What does it mean “Working” within an EASA Organisational SMS Structure?

The following takes a quick look at the functional engagement of the SMS within the European Community and how it connects to the national airworthiness authority.

The European Plan for Aviation Safety (EPAS) – Is intended to ensure that the principles of safety management are applied within the European Aviation Community so as to continually improve safety performance.

It is driven by Regulation (EU) 2018/1139, known as the European Union Aviation Safety Agency (EASA) Basic Regulation, to ensure the application of ICAO safety management principles that are fundamental to the continuous improvement of civil aviation safety.

The EPAS seeks to anticipate emerging industry safety risks and make the best use of technical resources through a common framework for prioritising, planning and implementing safety improvement actions.

EASA develops the EPAS in close collaboration with the Member States and other relevant stakeholders. The EPAS is produced annually and looks ahead to the following four years.

It examines relevant safety information sources (notably occurrences), prioritisation of issues and evaluates options to address them. It identifies the main areas of concern affecting the European aviation safety system.

It then sets out the strategic actions necessary to mitigate those concerns and return safety risk back to an acceptable level.

The EPAS is supported by the EASA Annual Safety Review (ASR) that includes dedicated safety risk portfolios which focus on the various operational domains in Europe. It also monitors the implementation of the related mitigation actions including, where appropriate, related Safety Performance Indicators (SPIs).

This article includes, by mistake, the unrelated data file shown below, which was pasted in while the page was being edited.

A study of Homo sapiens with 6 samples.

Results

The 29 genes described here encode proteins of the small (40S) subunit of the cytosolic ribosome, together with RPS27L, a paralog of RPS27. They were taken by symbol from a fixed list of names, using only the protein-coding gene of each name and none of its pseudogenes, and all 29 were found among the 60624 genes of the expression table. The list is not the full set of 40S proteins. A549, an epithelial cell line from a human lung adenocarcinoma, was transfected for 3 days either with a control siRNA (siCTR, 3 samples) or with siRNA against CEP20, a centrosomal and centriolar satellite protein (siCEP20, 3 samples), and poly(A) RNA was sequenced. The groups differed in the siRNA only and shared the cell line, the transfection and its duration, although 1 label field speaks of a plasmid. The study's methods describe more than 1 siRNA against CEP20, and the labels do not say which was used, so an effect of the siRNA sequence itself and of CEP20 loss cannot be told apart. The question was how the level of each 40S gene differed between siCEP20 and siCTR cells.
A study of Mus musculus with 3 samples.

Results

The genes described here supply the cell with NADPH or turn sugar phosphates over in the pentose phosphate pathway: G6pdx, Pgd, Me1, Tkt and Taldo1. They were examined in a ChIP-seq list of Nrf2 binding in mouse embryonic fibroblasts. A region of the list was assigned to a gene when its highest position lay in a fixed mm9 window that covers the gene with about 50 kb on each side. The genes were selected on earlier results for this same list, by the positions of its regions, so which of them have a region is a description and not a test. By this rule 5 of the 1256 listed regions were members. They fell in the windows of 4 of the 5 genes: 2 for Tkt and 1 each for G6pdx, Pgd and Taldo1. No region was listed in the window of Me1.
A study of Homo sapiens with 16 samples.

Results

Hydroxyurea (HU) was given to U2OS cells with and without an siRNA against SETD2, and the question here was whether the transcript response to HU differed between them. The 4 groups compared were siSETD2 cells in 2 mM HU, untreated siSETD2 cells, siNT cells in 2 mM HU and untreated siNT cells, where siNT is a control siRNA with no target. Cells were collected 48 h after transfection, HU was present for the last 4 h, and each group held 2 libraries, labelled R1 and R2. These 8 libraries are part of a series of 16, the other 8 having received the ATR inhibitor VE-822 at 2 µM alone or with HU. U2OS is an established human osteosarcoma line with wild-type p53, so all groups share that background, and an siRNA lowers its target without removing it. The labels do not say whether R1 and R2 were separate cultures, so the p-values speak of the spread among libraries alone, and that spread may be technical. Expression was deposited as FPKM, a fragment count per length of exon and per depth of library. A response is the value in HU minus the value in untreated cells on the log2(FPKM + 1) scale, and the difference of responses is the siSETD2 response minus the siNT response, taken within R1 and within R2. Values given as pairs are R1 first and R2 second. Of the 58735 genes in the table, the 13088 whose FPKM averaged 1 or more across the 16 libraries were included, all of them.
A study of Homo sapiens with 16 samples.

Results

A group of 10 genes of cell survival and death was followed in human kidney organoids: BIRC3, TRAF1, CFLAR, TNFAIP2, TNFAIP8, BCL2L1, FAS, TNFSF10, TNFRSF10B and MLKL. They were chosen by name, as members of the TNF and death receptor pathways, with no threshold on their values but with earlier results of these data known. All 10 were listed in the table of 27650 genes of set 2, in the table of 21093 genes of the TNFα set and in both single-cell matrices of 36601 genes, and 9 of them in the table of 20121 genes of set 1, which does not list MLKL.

EASA Organisational Requirements

SMS must be focused on managing safety risks in the actual operational activities that individual organisations undertake.

Managing aviation safety risk within an SMS is something that organisations do as an integral part of their day-to-day operations. It extends much further than a document that lives on the shelf. To be effective, it must be a real fully functioning process focussed on protecting the key elements of the organisation rather than a ‘tick-box’ compliance endeavour simply made up of processes and risk matrices.

EASA requires each aviation organisation to be responsible for the safety of its operations.

Typically a Safety Management System (SMS) should be the primary way that the organisations manage safety.

  • The SMS should be designed specifically for the needs of that organisation.
  • The SMS should cover risks specific to the organisation and its activities.

Note:  SMS is not a one size fits all undertaking; it should not be a copy-paste from any another organisation as no two organisations have the same risk profile.

The SMS shall address the day-to-day activities of the organisation as a continuous process and focus on protecting lives.

SMS versus Compliance

The organisation shall demonstrate compliance with EASA Regulations which typically contain a number of “so-called” risk assessed controls, however, SMS must go beyond compliance to provide the foundations for safety.

The key question to consider is how can we answer the following “How well does our compliant organisation control its risks?”

The EASA regulatory framework should include Quality Control Measures (Compliance or ‘ensurance’), Compliance Monitoring (‘assurance’) and Safety Risk Management (focus on safety control measures) in its integrated management system approach.

Further Information Regarding Forthcoming SMS Training

Safety Management Systems – Aviation Risk Management – 5 Days – Sofia, Bulgaria

The course will run from 9 am to 5 pm on February 17th until February 21st 2020

Details may be found here

Email office@sassofia.com to sign up!